Session Type: ACR Poster Session C
Session Time: 9:00AM-11:00AM
Background/Purpose: Gout is a progressive systemic inflammatory disease that is widely prevalent, estimated to effect 3.9% or 8.3 million people of the United State (US) population. The underlying pathogenic feature of gout is hyperuricemia, and appropriate management of gout requires achieving uric acid levels at a minimum of <6 mg/dL to mobilize and clear deposited urate. Uncontrolled gout patients who fail to reach serum uric acid (sUA) level goals do worse in terms of clinical outcomes including gout flares and resolution of visible tophi. Herein, we quantify the cost burden for uncontrolled versus controlled gout patients from a large US payer de-identified database.
Methods: A retrospective review of Humana Healthcare data from 2007 to 2016 in private pay and medicare patients was performed for patients with gout diagnosis codes (ICD9/10) to identify patients with at least 1 gout diagnosis (N=539,802) and 90 days of continuous urate-lowering therapy within 1 year of diagnosis. Two cohorts of patients were categorized according to their sUA levels after at least 90 days of gout therapy: sUA<6.0 mg/dL (controlled) and sUA ≥8 mg/dL (uncontrolled). Patients must have had more than 1 serum uric acid test to be included.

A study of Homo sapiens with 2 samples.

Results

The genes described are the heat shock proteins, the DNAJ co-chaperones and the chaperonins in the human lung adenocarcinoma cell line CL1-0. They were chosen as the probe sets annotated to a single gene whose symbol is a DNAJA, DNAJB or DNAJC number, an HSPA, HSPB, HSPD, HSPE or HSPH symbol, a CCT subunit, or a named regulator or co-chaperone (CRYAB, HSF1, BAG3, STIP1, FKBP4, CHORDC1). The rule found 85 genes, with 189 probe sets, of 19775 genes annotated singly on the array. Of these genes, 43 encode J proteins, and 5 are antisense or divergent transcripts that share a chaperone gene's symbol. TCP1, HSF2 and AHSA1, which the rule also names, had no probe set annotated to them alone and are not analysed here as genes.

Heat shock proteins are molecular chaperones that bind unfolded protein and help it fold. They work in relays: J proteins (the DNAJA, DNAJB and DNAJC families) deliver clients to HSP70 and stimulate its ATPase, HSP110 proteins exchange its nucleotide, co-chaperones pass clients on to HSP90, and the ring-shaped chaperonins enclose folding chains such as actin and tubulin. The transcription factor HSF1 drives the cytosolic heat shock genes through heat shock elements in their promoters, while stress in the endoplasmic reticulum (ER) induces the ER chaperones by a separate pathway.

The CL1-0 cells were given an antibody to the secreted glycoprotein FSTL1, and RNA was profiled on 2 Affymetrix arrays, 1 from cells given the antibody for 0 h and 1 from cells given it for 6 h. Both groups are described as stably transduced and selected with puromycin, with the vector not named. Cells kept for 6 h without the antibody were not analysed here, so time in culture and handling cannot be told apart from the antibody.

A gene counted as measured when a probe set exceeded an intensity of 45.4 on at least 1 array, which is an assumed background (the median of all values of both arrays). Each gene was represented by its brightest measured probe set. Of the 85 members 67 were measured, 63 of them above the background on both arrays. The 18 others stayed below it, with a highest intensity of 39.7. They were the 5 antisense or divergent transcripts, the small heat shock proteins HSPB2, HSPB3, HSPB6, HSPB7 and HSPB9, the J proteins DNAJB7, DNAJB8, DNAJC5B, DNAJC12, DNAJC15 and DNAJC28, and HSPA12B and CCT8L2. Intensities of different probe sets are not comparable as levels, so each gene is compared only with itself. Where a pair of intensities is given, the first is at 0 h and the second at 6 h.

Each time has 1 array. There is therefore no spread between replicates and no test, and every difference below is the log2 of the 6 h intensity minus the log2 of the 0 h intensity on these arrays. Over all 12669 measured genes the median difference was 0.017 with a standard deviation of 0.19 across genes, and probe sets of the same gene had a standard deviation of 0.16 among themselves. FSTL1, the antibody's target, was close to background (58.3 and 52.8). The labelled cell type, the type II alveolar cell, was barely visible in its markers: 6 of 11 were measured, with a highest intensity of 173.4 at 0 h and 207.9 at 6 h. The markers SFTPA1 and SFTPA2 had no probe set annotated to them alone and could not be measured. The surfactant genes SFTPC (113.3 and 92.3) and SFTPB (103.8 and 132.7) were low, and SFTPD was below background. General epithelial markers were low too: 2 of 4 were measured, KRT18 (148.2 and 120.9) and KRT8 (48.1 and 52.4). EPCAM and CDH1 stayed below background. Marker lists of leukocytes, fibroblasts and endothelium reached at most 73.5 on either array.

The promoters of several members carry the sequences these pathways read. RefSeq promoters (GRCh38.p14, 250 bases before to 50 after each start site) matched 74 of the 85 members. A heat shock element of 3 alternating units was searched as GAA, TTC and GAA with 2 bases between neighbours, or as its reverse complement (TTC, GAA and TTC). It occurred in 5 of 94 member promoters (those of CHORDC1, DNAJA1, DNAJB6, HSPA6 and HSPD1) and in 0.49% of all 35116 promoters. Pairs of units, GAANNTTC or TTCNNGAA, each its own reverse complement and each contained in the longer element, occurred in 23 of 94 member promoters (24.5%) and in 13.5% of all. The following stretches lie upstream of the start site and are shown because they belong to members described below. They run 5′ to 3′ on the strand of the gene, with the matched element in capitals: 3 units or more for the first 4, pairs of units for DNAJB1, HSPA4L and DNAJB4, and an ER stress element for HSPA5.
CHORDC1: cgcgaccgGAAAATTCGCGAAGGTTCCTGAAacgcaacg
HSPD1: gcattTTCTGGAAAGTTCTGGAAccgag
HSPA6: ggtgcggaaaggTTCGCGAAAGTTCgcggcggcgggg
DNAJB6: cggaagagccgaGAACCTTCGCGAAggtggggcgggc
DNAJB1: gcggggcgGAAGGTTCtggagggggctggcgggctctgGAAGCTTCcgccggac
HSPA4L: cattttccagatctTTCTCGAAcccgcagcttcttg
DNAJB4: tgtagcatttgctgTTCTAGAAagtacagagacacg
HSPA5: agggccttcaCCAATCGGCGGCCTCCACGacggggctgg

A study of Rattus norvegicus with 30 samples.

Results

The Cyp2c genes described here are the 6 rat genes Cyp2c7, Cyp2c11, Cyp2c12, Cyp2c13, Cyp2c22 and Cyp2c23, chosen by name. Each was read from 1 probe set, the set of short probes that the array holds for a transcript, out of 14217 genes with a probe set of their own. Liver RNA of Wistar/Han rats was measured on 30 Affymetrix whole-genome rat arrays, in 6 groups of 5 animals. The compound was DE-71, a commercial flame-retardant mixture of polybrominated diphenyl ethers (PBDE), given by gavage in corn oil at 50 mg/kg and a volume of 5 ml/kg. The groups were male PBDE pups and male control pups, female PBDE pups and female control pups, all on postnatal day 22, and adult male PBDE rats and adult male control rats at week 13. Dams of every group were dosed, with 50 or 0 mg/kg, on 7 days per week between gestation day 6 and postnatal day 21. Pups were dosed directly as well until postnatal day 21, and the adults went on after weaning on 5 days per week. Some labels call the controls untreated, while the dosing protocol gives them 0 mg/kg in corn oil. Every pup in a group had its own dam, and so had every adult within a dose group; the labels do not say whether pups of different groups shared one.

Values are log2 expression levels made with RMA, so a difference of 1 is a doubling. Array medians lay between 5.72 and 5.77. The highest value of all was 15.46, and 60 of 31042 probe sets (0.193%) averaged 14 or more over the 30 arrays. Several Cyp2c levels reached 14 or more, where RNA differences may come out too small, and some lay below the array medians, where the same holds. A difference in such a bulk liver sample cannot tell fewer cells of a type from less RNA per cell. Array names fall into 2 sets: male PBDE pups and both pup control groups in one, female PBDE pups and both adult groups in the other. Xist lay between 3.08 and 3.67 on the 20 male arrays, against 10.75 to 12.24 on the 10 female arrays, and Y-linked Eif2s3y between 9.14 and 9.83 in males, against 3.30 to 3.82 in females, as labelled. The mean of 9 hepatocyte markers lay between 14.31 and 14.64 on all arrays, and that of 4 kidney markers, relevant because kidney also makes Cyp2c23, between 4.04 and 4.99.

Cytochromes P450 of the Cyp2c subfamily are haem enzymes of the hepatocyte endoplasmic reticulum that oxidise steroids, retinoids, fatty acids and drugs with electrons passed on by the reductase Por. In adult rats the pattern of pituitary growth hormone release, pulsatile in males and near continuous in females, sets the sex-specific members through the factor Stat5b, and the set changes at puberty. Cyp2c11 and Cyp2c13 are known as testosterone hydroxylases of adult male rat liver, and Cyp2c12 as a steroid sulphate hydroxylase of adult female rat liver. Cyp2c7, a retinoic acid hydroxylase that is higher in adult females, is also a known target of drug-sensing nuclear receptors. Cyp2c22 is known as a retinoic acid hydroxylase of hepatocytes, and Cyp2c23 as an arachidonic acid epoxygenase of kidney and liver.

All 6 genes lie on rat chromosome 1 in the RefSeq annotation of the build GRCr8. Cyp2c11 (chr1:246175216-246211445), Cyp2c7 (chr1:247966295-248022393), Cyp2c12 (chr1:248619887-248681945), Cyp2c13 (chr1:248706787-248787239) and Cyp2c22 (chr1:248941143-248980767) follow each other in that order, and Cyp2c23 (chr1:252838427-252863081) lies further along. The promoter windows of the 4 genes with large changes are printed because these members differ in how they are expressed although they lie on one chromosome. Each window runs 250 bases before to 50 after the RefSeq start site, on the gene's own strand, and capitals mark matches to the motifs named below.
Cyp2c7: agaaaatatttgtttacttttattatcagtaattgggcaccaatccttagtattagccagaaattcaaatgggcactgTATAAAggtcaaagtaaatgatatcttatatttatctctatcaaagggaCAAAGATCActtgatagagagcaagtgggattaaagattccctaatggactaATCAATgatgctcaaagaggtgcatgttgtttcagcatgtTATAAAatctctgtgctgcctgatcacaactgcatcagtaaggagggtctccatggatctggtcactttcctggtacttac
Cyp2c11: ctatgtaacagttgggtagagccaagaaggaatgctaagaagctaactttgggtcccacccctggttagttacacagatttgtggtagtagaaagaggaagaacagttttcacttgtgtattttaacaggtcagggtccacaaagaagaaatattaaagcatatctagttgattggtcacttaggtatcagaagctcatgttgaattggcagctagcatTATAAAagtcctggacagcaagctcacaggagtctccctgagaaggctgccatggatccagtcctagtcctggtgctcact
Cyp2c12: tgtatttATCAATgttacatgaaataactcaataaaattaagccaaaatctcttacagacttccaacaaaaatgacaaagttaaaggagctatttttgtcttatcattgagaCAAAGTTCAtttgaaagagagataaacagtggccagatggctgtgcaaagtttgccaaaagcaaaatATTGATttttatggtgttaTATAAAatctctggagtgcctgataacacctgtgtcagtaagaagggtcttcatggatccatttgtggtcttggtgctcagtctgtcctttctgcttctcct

Results: The controlled gout group (sUA<6 mg/dL) included 5,473 patients and the uncontrolled gout group (sUA≥8 mg/dL) had 1,358 patients. The two groups were comparable in terms of demographic features, though the controlled group was slightly younger with an adjusted mean age of 72.5 years compared to mean age of 69.1 in the uncontrolled patients. Costs were higher among the patients in the uncontrolled gout group (figure 1). Among total costs, the controlled group mean/patient/year was $14,892 as compared to the uncontrolled gout patients of $23,339 (p<0.0001). The cost difference was primarily driven by increased hospital costs within the refractory group, where the cost was $7,255/patient/year greater than the controlled group (p<0.0001, figure 1).
Conclusion: Accepted guidelines for gout management recommend treating to uric acid levels of <6 mg/dL for all patients and <5 mg/dL for tophaceous or symptomatic patients. This analysis sought to quantify costs associated with uncontrolled hyperuricemia (≥8 mg/dL) in early diagnosed gout patients, and found that uncontrolled gout patients had significantly higher per-patient mean total costs and costs from hospitalizations. This disparity may likely be greater in patients with long-standing gout. This finding suggests an increased financial burden associated with uncontrolled gout, and warrants further study.